Birds at White Rock Lake Water Theater  behind the Bath House Cultural Center. Photo by Hilary Schleier

Birds at White Rock Lake Water Theater behind the Bath House Cultural Center. Photo by Hilary Schleier

It’s been over a year since the fate of the White Rock Lake Water Theater came into question. The Cultural Affairs Commission and the local arts community has been debating on whether to remove the deteriorated public art piece or find funds to restore it.

Now, after the release of an engineering study that shed more light on the artwork’s poor condition, the Public Art Committee has recommended that a contract be issued to the neighborhoods artists, Frances Bagley and Tom Orr, to create a new piece of public art that “re-envisions the ideas of the Water Theater.”

“The new public artwork would be designed for sustainability and would be located in a place that does not currently have public art,” interim director David Fisher says.

The White Rock Lake Water Theater was installed partially underwater in the shore near the Bath House Cultural Center in 2001, consisting of 43 steel poles, 25 polycarbonate light poles, 10 cast stone land elements, 12 aluminum educational wildlife charts and one solar panel system. The piece was meant to provide a perch for the birds of White Rock Lake and help educate people about area wildlife.

The city eliminated its maintenance budget for public art in 2009 but restored the funds this year, employing a collections manager to oversee the process.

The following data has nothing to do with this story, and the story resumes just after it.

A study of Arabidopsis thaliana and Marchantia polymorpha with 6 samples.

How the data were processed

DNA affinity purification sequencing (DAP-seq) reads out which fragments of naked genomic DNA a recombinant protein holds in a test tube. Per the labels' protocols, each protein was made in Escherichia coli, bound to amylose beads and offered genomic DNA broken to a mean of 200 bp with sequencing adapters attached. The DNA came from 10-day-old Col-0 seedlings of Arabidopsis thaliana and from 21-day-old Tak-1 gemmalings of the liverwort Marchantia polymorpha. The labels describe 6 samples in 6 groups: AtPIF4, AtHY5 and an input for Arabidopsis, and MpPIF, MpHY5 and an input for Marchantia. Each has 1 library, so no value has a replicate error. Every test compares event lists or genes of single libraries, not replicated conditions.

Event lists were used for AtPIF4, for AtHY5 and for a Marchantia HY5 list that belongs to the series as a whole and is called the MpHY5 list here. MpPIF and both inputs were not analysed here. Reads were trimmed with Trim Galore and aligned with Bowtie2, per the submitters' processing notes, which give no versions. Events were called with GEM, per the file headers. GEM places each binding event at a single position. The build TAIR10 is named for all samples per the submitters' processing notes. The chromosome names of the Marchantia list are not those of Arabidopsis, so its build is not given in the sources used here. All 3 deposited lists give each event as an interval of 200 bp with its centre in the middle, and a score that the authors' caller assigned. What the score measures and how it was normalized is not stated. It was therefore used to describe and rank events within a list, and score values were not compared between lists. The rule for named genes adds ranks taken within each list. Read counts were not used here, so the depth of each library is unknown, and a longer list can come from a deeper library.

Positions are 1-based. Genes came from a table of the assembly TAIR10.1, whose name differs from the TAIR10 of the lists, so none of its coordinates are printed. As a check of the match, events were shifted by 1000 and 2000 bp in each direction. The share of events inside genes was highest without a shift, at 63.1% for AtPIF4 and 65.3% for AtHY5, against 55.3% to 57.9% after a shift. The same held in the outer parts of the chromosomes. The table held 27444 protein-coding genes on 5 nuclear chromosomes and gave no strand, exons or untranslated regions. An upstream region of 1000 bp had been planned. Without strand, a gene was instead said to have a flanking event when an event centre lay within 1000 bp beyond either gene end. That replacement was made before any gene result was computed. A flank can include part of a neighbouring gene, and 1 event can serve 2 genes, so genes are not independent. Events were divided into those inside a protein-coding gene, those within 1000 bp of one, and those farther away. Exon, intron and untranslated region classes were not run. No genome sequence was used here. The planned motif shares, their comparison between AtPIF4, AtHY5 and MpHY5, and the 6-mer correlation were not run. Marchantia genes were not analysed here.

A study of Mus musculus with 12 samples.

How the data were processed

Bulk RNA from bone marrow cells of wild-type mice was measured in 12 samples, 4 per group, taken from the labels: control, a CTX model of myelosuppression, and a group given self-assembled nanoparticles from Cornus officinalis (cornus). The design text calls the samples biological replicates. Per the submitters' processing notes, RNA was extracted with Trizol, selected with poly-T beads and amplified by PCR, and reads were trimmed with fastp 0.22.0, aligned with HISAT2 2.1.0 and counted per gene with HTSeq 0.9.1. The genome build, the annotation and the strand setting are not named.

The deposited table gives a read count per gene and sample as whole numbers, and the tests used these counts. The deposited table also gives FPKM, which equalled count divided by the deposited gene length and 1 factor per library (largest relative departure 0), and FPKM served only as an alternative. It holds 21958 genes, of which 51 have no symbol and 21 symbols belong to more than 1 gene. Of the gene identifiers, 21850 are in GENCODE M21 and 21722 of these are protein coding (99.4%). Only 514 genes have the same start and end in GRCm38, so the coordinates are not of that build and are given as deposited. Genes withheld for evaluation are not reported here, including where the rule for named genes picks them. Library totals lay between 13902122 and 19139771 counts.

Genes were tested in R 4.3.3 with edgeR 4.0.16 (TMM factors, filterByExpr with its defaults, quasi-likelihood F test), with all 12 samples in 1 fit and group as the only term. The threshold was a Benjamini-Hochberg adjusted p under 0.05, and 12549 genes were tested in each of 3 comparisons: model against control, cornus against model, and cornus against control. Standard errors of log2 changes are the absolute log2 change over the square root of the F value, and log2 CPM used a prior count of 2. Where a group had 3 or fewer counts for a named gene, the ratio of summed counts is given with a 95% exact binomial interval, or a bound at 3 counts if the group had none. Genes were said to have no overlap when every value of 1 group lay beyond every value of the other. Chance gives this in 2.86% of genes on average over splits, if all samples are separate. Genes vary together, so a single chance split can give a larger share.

The engineering report concluded that the Water Theater would have to be completely replaced, costing an estimated $198,375. The steel posts and their anchors have “failed completely.” Simply repairing the piece is not enough. The removal process would result in too much damage. The engineer, Charles Gojer, states in the report:

“In my professional opinion, the structural steel components of the artwork have lots their strength and the pipes will continue lean and fail … Therefore, I recommend that the pipes be removed from the lake and that the artwork, if reconstructed at this or any other location, be re-designed using stainless steel materials.”

You can read all the details of the report here.

The Cultural Affairs Commission will review the study and the committee’s recommendation during a 4:30 p.m. meeting Feb. 19 at the Latino Cultural Center.